Trump Names Mike Pence Lead on Coronavirus Response, as Critics Say Pence Once Mishandled HIV Outbreak

"It was disappointing that it took so much effort to bring the governor on board," a local Republican said about Indiana's HIV outbreak while Pence was in office

President Donald Trump on Wednesday night said Vice President Mike Pence will be leading the federal government’s response to the novel coronavirus outbreak that American health officials believe will eventually reach the U.S.

Trump, 73, touted Pence’s track record on health care while Pence was governor of Indiana before being elected vice president.

“They’ve established great health care, they have a great system there, a system that a lot of the other states have really looked to,” Trump said, adding, “He’s really very expert at the field.”

Almost immediately after naming Pence, 60, to his czar-like role in combating coronavirus, journalists and Trump critics online quickly pointed back to Pence’s handling of an HIV outbreak while he was governor there and deeply conflicted about what his moral convictions would allow versus what experts said was the most effective solution.

As The New York Times reported in 2016, the outbreak was in Indiana’s Scott County in 2015 as a result of the use of dirty needles.

Needle exchanges were illegal and Pence initially resisted changing the rule, as dozens of people became infected. The total eventually reached almost 200.

“It was disappointing that it took so much effort to bring the governor on board,” a Republican lawmaker in Indiana told the Times.

Mike Pence
Vice President Mike Pence speaks at a White House briefing on Feb. 26. ERIC BARADAT/AFP via Getty

“When confronted with a spiraling HIV outbreak in his home state as a result of opioid addicts sharing contaminated needles, Pence dragged his feet before agreeing to lift a ban on programs that distribute sterile needles,” according to Politico.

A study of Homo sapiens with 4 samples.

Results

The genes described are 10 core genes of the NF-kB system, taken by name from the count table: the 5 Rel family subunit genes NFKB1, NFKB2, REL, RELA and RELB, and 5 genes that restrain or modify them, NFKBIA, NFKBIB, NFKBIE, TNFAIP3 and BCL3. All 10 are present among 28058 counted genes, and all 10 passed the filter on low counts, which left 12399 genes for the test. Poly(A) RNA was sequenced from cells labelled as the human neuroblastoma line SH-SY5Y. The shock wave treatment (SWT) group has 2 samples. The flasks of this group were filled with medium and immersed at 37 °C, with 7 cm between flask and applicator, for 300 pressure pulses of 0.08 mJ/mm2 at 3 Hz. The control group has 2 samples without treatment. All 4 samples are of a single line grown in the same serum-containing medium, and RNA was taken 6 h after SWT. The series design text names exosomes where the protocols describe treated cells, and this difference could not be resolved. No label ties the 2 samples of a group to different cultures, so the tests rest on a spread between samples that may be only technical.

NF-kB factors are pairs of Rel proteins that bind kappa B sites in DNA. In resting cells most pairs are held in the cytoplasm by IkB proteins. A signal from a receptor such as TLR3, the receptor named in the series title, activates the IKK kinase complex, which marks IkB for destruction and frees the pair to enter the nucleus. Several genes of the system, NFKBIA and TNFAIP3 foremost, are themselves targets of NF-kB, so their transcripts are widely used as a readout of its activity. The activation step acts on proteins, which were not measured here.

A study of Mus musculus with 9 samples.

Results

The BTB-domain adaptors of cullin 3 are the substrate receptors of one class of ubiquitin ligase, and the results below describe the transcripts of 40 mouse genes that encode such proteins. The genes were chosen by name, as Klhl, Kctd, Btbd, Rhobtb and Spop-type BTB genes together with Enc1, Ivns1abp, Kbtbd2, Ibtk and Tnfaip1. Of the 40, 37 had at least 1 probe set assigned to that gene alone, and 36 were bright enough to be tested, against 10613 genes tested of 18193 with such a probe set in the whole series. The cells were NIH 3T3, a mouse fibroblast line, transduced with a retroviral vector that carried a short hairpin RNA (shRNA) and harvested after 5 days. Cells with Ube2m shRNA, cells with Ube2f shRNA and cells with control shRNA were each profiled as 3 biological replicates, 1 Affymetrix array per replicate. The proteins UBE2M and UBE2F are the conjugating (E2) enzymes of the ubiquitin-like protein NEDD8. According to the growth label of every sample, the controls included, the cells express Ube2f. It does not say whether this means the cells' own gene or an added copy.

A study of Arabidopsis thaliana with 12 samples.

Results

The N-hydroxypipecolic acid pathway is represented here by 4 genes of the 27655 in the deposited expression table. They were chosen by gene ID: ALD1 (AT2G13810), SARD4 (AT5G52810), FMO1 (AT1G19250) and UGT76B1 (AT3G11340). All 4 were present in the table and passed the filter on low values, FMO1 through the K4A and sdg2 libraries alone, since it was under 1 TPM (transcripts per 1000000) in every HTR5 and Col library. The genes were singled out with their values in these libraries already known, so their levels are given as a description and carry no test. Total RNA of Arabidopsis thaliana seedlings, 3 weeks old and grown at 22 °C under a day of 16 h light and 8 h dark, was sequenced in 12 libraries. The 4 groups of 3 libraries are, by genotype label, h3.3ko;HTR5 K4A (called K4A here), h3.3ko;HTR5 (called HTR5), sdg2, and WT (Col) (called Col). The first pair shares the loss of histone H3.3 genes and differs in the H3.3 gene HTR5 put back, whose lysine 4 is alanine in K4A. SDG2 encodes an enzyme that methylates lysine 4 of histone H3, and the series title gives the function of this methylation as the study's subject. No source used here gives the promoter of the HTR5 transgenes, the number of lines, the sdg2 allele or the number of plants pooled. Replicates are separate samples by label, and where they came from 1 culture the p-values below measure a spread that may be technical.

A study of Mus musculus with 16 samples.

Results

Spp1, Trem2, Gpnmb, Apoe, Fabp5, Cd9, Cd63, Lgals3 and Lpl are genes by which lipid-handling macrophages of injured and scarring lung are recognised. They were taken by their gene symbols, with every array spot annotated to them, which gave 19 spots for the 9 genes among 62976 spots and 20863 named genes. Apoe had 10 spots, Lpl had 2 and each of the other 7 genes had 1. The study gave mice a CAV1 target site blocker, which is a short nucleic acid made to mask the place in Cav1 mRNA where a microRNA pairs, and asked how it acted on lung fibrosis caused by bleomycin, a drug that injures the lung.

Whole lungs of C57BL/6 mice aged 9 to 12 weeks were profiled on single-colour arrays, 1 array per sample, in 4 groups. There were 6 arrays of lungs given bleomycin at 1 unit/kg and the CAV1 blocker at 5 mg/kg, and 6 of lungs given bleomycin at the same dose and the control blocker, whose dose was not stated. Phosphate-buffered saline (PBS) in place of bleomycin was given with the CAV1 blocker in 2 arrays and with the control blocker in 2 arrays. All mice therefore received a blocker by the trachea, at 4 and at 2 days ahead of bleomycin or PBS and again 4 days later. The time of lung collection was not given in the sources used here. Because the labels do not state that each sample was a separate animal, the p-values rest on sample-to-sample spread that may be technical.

Gregorio Millett, the Foundation for AIDS Research’s director of public policy, told Politico the the spread of the virus was “entirely preventable.”

“I am opposed to needle exchange as anti-drug policy,” Pence said then. “But this is a public health emergency and, as governor of the state of Indiana, I’m going to put the lives of the people of Indiana first.”

“We must give Gov. Pence credit for finally doing the right thing in the end,” Millett told Politico.

Still: “Indiana taxpayers could have been saved millions of dollars for treating those affected by the HIV outbreak if effective prevention policies were already in place,” he said.

“We have had great success in our needle exchange,” a local nurse told the Louisville Courier-Journal in 2016. “We know that we have pretty much stopped the spread of HIV. … We know it’s helped get people into rehab; we’ve linked them to [treatment]. … I know it’s working because I see it every day.”

Critics of Pence’s approach told Politico that what policy he did finally allow nonetheless hamstrung those Indiana counties beyond Scott County that wanted to use successful needle-exchange programs to slow the spread of HIV and hepatitis C.

Pence’s then-health commissioner cast the issue another way, according to the Times.

“The governor wanted to make sure if we went this route it was absolutely necessary,” Dr. Jerome Adams said in 2016. “I believe he was praying on it up until the final decision.”

Donald Trump

On Wednesday at the White House, after Trump named him the point person on the coronavirus response, Pence mentioned his time as governor when a person there became the first in the U.S. diagnosed with the MERS virus.

Earlier in the press conference, Trump spoke optimistically about the government’s response to the coronavirus so far. But he continued to use rosier language than the health officials at the Centers for Disease Control and Prevention, who said this week that Americans should prepare for more coronavirus cases here.

So far, some 81,000 cases have been reported worldwide of the coronavirus. Of those cases, about 2,700 people have died (By comparison, the Ebola epidemic that began in West Africa in 2014 infected about 28,600 people and killed about 11,300, according to the CDC.)

The infection is thought to have originated in a Chinese animal market in December.

Currently, the U.S. has 60 confirmed cases of coronavirus, most of them who were passengers aboard a cruise ship in Japan.

“I look forward, Mr. President, to serving in this role and bringing together all the members of the coronavirus task force you established,” Pence said Wednesday.

He added: “We will continue to bring the full resources of the federal government in coordination with our state and local partners to see to the health and wellbeing and to the effective response to the coronavirus here in the United States of America.”